I wasn’t much of a UFC fan until I befriended fighter Mark Munoz. Even though he’s retired now, I still follow the sport and watch whenever I can. On December 30, a huge match occurred between Ronda Rousey and Amanda Nunes. After just 48 seconds, Nunes won via TKO, crushing Rousey’s big comeback attempt.
I’m guessing you’ve felt like a failure at some point. I certainly have on many occasions. Like Rousey, my great comeback didn’t end how I’d hoped. Instead of feeling on top of the world, I felt like a complete washout.
Here are a few lessons that came to mind as I watched Rousey climb back into the ring, only to face quick defeat:
- Losing doesn’t make you a failure.
- Failing can be a learning tool.
- Winning all the time isn’t always beneficial. Winning doesn’t prepare you for adversity or build resilience and character.
- Only through failures do you learn true persistence.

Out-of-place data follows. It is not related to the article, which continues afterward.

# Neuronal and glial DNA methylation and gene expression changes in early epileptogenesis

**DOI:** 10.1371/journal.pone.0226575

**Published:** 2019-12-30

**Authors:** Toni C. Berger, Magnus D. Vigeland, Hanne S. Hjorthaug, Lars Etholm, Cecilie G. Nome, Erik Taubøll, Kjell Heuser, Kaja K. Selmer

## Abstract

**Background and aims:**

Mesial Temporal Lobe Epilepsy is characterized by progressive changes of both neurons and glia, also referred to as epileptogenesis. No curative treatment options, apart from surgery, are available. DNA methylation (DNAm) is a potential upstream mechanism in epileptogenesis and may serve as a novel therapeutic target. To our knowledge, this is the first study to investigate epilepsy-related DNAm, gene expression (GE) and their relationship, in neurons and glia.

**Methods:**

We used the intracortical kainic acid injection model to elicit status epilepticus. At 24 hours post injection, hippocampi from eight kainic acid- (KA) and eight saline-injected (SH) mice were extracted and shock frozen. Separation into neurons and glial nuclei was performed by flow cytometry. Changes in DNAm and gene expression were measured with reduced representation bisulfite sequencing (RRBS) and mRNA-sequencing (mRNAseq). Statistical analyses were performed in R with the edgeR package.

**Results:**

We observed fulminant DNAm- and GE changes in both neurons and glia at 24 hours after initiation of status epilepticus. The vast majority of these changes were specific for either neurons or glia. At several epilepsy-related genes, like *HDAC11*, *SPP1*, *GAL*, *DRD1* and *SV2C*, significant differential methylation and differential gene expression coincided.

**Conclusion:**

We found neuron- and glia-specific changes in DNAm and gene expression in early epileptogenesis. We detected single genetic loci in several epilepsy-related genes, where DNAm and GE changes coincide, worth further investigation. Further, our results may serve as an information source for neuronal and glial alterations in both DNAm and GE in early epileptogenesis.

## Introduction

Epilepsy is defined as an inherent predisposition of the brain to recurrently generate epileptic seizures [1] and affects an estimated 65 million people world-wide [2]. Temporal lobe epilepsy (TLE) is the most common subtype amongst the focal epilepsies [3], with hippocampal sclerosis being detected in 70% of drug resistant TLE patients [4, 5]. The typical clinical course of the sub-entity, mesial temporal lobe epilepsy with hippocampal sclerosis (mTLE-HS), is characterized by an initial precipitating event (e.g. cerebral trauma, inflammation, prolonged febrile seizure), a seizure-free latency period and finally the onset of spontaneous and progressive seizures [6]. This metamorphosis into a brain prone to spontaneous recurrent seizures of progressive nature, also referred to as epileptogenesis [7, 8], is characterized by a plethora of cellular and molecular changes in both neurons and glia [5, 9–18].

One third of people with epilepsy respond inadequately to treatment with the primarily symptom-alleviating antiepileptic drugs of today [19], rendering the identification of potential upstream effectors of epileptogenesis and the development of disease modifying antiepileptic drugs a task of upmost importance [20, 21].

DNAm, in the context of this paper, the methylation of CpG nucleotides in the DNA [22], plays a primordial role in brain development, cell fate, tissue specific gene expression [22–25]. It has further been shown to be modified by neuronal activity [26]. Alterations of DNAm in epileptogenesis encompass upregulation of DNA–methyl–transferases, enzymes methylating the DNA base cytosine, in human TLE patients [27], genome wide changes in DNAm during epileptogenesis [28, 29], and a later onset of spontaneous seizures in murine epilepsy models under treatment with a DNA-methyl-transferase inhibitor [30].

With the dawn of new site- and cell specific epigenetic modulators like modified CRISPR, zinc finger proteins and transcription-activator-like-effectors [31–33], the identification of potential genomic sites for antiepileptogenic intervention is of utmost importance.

No one likes losing, but if you can view every setback as a setup, losing becomes a tool to help you win more in the long run.
Some of the students you pour into will choose not to follow your advice. You’ll feel like a failure and may even contemplate giving up. At times you’ve probably experienced “losing” encounters with parents, peers, staff members, and supervisors. How you view each failure is key—and will help you mentor young people through similar situations.
- Failure can be an opportunity to choose humility. You can’t change students’ hearts, but you can share the God who can.
- It can be an opportunity to grow in your own knowledge of what you’re trying to teach.
- It can be an opportunity to grow in trusting Jesus and his plan.
- It can be an opportunity to build new relational skills.
- It can be an opportunity to practice extending the same grace you’ve received from Jesus.
You can change students’ perception of failure, but first you must change your own. Join me in resolving to turn setbacks into successes by asking, “What’s the setup?”